Don’t Miss Paying Your Estimated Taxes – IRS Increases Penalty for Underpayment of Taxes

Local Manchester, CT CPA firm Borgida & Company warns clients about missing making payments for estimated taxes and IRS penalties.


The Surprise Bill Coming to Those Who Underpay Their Taxes-

The IRS penalty for shortfalls jumps to 8%


By Ashlea Ebeling, Wall Street Journal,  Dec. 2, 2023 9:00 pm ET


Failing to keep up with payments for estimated taxes now could lead to an expensive surprise come next spring.


As of Oct. 1, the Internal Revenue Service is charging 8% interest on estimated tax underpayments, up from 3% two years ago.

The increase is one of the many effects of rising interest rates.

These higher penalties, which can run in the hundreds or even thousands of dollars, are particularly relevant for gig workers and consultants who don’t have taxes withheld and figure they can pay their taxes come April. People who get steady paychecks with tax withholding could also be affected if they have additional income and get the math wrong.

For most taxpayers, their employer withholds taxes in every paycheck, with the majority due for a tax refund for having overpaid. Still, the IRS assessed more than $1.8 billion in penalties for underpaying estimated taxes on nearly 12.2 million individual returns in fiscal year 2022.

Beyond underpayment penalties, the higher total tax bills for millions of Americans increase the risk that many won’t be able to pay their full balance in April. Failing to pay all of your tax bills can lead to more penalties and—in the worst case—IRS collection actions including liens and levies.

“It’s a cautionary tale for individuals to think about as we get toward year-end. Are you where you should be?” said Joseph Doerrer, a certified public accountant and certified financial planner at Mezzasalma CPAs in Tinton Falls, N.J.

The U.S. tax system is pay-as-you-go, meaning you should make payments as you earn income. That can be done through withholding or by making quarterly — or even more frequent — tax payments during the year.

To avoid underpayment penalties, most filers must pay 90% of their taxes through withholding during the calendar year, or through estimated payments due quarterly. The payment for the fourth quarter of 2023 comes due Jan. 16, 2024. The IRS won’t charge an underpayment penalty if the balance due is less than $1,000 after taking into account withholding and credits. (Though it is called a penalty, it is essentially interest tied to the federal short-term rate.)

voucher for 2023 q4 estimated taxes

Staying on top of estimated taxes s is especially important for people with fluctuating or self-employment income. Taxpayers with bonuses and equity compensation, whereby automatic tax withholding is too low, could face underpayment penalties. Anyone with higher-than-usual interest from high-yield savings accounts and mutual-fund dividend or capital-gain distribution payouts could also be affected.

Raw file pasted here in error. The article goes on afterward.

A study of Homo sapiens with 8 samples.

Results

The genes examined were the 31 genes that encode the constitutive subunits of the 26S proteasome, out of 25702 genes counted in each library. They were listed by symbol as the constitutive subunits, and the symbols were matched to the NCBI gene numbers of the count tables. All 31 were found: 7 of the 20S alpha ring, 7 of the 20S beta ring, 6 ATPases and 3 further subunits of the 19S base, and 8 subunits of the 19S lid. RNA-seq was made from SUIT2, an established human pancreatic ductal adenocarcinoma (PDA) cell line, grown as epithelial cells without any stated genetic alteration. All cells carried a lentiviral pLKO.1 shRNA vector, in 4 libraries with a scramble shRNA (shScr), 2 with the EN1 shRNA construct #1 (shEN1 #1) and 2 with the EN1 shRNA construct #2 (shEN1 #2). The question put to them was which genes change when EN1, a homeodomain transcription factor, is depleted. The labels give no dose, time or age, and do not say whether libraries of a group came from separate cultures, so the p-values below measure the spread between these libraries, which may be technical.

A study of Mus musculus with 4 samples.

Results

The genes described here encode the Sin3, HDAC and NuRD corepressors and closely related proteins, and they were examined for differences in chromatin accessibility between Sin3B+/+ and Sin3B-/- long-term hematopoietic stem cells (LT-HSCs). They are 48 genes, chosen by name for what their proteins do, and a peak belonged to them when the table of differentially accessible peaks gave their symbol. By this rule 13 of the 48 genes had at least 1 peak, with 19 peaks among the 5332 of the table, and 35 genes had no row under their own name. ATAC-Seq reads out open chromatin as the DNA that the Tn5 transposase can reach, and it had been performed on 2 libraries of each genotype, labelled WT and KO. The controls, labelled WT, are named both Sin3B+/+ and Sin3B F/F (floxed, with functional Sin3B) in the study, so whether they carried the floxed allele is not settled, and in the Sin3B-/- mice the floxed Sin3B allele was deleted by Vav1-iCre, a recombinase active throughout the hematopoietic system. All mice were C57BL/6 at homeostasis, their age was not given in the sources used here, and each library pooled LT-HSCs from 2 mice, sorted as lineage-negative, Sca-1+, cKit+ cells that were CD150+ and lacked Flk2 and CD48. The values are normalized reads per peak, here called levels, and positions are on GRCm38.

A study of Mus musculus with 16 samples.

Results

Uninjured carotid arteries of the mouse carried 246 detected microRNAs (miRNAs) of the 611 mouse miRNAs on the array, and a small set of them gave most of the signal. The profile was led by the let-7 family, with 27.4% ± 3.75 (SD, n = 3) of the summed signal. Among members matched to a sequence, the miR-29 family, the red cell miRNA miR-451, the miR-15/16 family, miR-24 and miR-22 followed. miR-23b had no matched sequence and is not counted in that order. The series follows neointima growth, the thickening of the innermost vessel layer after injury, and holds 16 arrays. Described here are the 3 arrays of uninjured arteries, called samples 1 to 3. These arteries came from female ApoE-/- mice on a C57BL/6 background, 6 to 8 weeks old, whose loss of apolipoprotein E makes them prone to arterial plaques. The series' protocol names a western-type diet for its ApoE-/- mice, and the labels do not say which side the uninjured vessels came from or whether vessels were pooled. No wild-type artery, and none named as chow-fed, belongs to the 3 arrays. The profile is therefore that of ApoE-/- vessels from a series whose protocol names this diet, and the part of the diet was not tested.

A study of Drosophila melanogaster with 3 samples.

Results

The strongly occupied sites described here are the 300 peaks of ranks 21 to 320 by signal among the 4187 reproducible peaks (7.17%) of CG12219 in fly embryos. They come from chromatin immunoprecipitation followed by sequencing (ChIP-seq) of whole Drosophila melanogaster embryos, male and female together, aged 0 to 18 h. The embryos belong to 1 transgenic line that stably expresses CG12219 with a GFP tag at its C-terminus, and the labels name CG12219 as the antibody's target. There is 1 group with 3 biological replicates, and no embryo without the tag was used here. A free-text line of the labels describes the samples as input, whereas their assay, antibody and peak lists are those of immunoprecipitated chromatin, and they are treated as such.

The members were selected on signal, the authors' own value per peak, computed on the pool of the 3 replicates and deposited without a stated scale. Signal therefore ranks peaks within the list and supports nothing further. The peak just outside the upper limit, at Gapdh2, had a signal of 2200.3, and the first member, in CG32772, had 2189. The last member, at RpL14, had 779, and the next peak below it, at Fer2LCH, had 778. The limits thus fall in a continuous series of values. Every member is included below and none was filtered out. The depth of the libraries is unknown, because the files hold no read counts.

One common scenario in which taxpayers get tripped up is when wage earners who are used to having tax withholding by an employer start a business. They might not know that they are subject to quarterly estimated tax payments.

The first year Sameet Durg, a marketing executive in Warren, N.J., went to Doerrer to do his taxes, it turned out he owed an underpayment penalty in the thousands of dollars — on top of a big April tax bill — because he hadn’t made estimated payments to cover his consulting income.

“Now I pay attention to taxes all year around. I don’t want the giant hit in April,” Durg said, noting he checks in with Doerrer monthly.

Here’s how to keep your tax payments on track.

Avoid underpayment penalties. A gig worker who owes $10,000 in taxes and didn’t make quarterly estimated payments of $2,500 would face a $512 underpayment penalty, along with his tax bill on April 15, said Chris Oliva, a CPA at UHY Advisors in New York City. The penalty calculation, figured on Form 2210, uses a blended interest rate for tax year 2023.

Individual taxpayers can generally insulate themselves from underpayment penalties by paying in (through withholding or estimated taxes) at least 90% of the current-year tax bill or 100% of the previous year’s tax bill. The 100% figure rises to 110% for filers with adjusted gross income of more than $150,000, or $75,000 for married taxpayers filing separately.

It makes sense to toggle between the two methods if your income is uneven, said Doerrer.

If you have a high-income year followed by a low-income year, you would want to pay in at 90%. Otherwise, you would be making an unnecessarily large overpayment, Doerrer said. If you have a low-income year followed by a high-income year, it can make sense to pay 100% or 110% of the prior year’s income tax, keeping estimated. taxes lower and anticipating a larger balance due in April.

Try the IRS tax-withholding estimator. To use the IRS tax-withholding estimator, taxpayers need to plug in information from their last year’s tax return, pay stubs and all other income, including side gigs, investments and retirement account payouts.

If you have a pension but not a job, use Form W-4P to estimate your withholding. IRS Publication 505 has worksheets and examples for taxpayers in special situations.